Ron Paul’s son is rising fast in Kentucky and one theory is that the driver is his opposition to Iraq and concerns about Afghanistan:
Rand Paul, an eye surgeon who got into politics by working on the campaigns of his father, libertarian Rep. Ron Paul, is pounding Trey Grayson, a two-term secretary of state groomed for the Senate by fellow Kentuckian Senate Minority Leader Mitch McConnell.
They both label themselves as “100 percent pro-life,” small-government conservatives. They are both anti-bailout, anti-Obamacare, pro-border fence and pro-gun…
…Paul says invading Iraq was the wrong thing to do, and while he supported the attack on Afghanistan, he expresses reservations about President Obama’s mission for U.S. forces there and speaks about the need to scale back overseas commitments.
Grayson, meanwhile, defends the Iraq invasion and argues for a long-term commitment to Afghanistan as part of “keeping America on the offensive” in the war on terrorism.
So, same/same on all issues but the war. Paul looks like a winner, ergo GOP voters are souring on the war and foreign intervention. Its a good theory, and true as far as it goes. But one shouldn’t read too much in to it.
The American people will sustain a military effort as long as victory is the goal. Part of the problem people are having with Afghanistan is that Obama is not seeking victory. He doesn’t even use the word as a goal – and without a clearly defined goal, it then becomes a question of “what are we fighting for?”.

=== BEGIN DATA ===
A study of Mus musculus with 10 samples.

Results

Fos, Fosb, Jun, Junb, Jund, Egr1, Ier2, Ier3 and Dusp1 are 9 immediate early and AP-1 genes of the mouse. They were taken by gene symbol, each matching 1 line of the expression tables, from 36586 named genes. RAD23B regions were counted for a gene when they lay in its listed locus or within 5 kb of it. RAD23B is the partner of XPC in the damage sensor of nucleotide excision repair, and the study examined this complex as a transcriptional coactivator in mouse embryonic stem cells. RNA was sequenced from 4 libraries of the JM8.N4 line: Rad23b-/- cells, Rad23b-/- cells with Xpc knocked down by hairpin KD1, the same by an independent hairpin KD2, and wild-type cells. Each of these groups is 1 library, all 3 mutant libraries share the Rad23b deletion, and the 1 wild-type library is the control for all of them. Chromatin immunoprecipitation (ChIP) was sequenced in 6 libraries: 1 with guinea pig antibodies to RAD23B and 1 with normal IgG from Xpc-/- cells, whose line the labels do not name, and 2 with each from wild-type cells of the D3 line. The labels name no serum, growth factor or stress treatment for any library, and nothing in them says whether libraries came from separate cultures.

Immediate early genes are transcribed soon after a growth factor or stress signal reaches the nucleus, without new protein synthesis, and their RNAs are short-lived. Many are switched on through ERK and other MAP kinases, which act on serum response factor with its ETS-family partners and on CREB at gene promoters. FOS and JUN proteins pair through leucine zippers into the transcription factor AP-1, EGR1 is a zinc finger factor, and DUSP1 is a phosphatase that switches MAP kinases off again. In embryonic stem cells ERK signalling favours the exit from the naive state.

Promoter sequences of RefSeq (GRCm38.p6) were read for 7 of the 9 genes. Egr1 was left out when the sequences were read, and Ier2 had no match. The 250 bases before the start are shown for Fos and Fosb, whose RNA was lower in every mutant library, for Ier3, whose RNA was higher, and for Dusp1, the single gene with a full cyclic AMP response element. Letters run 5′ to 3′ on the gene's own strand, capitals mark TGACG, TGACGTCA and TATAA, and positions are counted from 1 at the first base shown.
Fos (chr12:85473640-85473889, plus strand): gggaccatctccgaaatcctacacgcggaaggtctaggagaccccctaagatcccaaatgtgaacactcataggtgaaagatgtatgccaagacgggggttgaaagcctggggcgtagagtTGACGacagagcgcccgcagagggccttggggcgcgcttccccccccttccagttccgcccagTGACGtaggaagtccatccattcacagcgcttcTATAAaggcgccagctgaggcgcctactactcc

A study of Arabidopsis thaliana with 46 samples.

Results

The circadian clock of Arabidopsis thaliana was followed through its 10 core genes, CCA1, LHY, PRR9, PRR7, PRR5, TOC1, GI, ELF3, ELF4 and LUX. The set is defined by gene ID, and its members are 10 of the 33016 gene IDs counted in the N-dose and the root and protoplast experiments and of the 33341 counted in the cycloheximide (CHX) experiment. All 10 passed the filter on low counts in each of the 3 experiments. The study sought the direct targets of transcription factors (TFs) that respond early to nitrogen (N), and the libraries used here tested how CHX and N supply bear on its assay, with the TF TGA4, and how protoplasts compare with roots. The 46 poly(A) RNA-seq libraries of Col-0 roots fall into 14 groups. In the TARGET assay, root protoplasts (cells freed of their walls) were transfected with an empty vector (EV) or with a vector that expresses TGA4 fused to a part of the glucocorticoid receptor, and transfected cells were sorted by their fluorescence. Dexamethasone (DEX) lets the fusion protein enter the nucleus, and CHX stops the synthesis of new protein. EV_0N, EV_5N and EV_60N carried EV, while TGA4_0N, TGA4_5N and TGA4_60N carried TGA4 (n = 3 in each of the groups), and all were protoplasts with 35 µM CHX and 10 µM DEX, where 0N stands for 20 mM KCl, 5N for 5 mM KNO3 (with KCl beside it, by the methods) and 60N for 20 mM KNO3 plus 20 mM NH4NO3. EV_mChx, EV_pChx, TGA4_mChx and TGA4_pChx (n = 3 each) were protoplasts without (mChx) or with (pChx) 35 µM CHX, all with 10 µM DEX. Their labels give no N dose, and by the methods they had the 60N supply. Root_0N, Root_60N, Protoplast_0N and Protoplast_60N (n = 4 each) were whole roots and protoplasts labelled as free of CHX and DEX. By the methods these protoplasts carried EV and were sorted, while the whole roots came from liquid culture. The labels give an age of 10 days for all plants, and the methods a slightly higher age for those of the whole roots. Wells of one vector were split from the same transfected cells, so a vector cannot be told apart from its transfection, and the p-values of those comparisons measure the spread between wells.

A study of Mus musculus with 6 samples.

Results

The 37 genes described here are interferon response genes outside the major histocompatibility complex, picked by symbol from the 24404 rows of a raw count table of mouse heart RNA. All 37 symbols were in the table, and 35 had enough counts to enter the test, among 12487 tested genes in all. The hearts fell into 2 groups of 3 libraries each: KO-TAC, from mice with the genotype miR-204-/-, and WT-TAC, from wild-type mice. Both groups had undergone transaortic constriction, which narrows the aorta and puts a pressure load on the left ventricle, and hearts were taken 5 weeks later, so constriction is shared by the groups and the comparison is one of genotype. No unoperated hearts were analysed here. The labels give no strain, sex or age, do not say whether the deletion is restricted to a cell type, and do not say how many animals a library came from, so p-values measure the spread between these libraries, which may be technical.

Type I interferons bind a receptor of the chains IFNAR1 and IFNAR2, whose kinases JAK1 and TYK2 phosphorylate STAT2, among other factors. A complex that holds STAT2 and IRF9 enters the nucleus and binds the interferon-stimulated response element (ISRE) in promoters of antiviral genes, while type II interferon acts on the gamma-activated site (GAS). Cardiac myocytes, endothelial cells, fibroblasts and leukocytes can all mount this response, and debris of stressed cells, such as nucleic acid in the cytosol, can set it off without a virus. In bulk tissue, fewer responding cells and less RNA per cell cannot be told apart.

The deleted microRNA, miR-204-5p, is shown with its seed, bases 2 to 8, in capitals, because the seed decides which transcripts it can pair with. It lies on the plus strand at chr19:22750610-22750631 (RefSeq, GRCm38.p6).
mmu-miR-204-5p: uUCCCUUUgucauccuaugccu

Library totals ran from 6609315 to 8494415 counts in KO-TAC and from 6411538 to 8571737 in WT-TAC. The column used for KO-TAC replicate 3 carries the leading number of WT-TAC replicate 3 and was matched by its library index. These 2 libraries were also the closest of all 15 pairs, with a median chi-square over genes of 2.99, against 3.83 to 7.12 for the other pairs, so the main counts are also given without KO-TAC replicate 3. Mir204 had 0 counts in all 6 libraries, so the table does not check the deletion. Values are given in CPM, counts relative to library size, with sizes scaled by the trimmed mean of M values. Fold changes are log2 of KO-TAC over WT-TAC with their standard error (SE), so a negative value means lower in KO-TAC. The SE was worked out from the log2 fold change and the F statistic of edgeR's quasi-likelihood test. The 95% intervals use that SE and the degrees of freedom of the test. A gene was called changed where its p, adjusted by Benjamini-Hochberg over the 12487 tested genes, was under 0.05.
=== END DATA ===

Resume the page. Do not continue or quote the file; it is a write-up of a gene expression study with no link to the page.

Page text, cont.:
If Rand Paul is making hay on this issue, it isn’t because the American people aren’t willing to fight for a better world but that they are not willing to fight endlessly just to spare an elected official the embarrassment of losing a war. If Obama were to vigorously proclaim victory and start being forceful – and stop coddling the Iranians who are backing our enemies – then there would be a much different dynamic in popular opinion about the war. A Paul victory will, in this sense, just instruct us – again – that in war there is no substitute for victory.
We can fence ourselves in, but we can’t fence the world out – in other words, we can’t become isolationist and wind up with other than a major war at some point. And probably with long odds against us because if we isolate, our friends in the world will be picked off one by one. But this doesn’t mean we have to plunge in to every conflict, nor does it mean we have to station troops in nations perfectly capable of defending themselves (Japan, Germany, South Korea – I’m looking at you).
The fundamental change I want to see in our foreign and military policy is that we only go forth to battle during a declared state of war against a particular nation or group of nations. In hindsight, President Bush should have sought a formal declaration of war against Afghanistan – and, in my view, against Iran, Saddam’s Iraq, Syria, Libya and Lebanon. All at once, and within days of 9/11 – might as well have fought it all out to the finish. It’d probably all be over by now – and while it would have been more costly initially, it would almost certainly cost less than its going to cost as we deal with this issue – including a nuclear-armed Iran – for another generation.
And if a President cannot carry Congress and people in to war, then the war should not be fought.